Patrick Hickey: European Olympic Committees head arrested in Rio

Patrick Hickey, President of the European Olympic Committees speaks during press conference after meeting of ANOC exclusive council on Bangkok ANOC 2014 on November 5, 2014 in Bangkok, Thailand.Image copyright

Police in Brazil have arrested the head of the European Olympic Committees, Patrick Hickey, in Rio over illegal Olympic ticket sales.

Mr Hickey, 71, is suspected of illegally passing on tickets for the Games to be sold on at extortionate prices, Brazilian media report.

Mr Hickey, said to be unwell after his arrest, has not yet commented publicly.

Police say the suspect, who also heads the Olympic Council of Ireland (OCI), tried to escape when they came for him.

They say he slid his Olympic pass under the door when police came knocking and fled into the adjacent hotel room, where his son had been staying until recently.

After he was arrested he was taken ill and received medical attention, reports say.

Brazilian media believe Mr Hickey’s arrest is related to that of fellow Irishman Kevin James Mallon on the day of the Olympic opening ceremony.

Who’s who in Irish Olympic tickets controversy?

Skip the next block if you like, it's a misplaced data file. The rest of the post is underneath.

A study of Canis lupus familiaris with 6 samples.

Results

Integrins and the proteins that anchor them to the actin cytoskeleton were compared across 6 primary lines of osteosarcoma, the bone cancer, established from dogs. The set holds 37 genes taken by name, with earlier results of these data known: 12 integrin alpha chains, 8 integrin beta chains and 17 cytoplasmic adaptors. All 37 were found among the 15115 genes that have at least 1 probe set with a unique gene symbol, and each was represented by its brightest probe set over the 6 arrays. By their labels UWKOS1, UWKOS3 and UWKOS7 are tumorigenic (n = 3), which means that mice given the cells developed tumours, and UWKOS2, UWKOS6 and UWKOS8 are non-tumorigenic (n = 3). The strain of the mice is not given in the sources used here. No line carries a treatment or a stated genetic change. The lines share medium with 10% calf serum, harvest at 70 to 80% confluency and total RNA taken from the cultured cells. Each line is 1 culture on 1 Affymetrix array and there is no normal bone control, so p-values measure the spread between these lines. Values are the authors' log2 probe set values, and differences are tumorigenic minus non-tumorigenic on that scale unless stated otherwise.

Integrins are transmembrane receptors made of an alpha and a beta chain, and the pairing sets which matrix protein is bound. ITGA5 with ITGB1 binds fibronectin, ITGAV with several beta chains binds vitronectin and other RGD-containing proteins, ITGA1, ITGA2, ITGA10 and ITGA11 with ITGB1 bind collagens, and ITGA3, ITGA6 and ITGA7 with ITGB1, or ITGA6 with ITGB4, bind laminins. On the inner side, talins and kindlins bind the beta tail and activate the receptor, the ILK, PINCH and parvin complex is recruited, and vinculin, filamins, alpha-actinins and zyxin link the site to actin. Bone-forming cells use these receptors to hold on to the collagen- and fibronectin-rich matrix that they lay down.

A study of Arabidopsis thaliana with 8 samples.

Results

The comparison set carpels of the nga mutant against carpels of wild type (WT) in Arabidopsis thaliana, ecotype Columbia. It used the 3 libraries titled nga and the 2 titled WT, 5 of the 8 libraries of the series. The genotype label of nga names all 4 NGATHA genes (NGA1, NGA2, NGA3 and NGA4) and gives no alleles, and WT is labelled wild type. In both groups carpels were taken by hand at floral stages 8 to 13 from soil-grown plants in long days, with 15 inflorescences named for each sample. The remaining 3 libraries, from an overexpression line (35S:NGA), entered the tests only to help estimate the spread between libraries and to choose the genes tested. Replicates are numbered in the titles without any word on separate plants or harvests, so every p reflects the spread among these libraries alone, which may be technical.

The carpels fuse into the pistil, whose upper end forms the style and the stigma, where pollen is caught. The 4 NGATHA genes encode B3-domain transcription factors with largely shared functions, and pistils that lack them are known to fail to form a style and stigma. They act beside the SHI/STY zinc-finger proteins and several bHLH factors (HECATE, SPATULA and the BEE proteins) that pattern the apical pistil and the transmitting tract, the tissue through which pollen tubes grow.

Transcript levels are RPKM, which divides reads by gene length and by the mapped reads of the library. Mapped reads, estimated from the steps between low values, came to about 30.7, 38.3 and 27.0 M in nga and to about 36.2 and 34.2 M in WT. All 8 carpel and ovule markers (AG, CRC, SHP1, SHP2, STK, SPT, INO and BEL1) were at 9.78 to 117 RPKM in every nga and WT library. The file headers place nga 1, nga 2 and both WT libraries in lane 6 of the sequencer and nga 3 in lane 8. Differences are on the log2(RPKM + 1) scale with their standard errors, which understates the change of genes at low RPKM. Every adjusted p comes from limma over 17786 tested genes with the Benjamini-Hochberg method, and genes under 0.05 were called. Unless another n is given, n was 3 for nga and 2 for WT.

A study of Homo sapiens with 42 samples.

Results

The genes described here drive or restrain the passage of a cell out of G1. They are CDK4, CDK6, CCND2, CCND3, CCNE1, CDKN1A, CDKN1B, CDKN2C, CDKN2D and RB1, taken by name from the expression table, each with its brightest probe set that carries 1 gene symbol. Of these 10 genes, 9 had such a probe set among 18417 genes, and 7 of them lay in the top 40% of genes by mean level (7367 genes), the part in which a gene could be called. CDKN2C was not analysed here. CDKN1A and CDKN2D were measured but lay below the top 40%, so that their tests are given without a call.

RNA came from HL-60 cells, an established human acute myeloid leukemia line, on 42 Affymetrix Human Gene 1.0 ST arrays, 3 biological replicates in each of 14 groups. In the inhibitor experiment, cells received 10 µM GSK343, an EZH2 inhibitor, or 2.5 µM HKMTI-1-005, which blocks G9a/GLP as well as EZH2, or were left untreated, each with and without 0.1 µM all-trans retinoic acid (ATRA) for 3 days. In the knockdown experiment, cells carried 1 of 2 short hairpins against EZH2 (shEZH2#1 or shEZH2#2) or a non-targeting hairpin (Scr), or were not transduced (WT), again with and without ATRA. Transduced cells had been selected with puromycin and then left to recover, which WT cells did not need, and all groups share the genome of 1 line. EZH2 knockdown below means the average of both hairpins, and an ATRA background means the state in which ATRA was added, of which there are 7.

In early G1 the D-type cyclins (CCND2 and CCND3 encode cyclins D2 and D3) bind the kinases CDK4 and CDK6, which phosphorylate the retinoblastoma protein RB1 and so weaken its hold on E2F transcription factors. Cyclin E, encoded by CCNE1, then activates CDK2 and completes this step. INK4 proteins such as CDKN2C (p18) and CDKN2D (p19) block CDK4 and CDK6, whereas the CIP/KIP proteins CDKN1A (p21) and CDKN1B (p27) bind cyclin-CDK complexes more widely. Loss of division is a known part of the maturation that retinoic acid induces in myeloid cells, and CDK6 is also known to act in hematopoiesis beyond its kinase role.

• Patrick Hickey – president of both the European Olympic Committees and the Olympic Council of Ireland (OCI)
  • OCI – the state-funded body responsible for selecting, training and preparing Irish athletes to take part in the summer and winter Olympics
  • Kevin James Mallon – Director of THG Sports
  • THG Sports – A corporate and sports hospitality company based in London.
  • Pro 10 Management – An Irish sports management company based in Lucan, County Dublin, which was appointed by the OCI as its Authorised Ticket Re-seller (ATR) in Ireland.

Mr Mallon is the director of THG Sports, a sports hospitality company alleged to have resold tickets for Rio 2016 illegally.

When Mr Mallon was arrested on 5 August, he was found to be in possession of more than 800 top-class tickets for the Games.


Police suspect they were to be sold at prices of up to £6,000 ($7,800) each.

THG said Mr Mallon had not sold or sought to sell tickets but had been holding them for collection by clients of the Irish authorised ticket reseller, Pro 10 Management.

The OCI said it would launch an inquiry into the ticket sale controversy but has been criticised for rejecting a call by the Irish Sports Minister to bring in independent investigators.

Last week, the OCI wrote on its website there was “absolutely no suggestion of misconduct or impropriety” by the OCI or any of its staff.

Mr Hickey was elected head of the European Olympic Committees in 2006 and has been in charge of the Olympic Council of Ireland since 1989.

He has also been on the IOC executive board since 2012.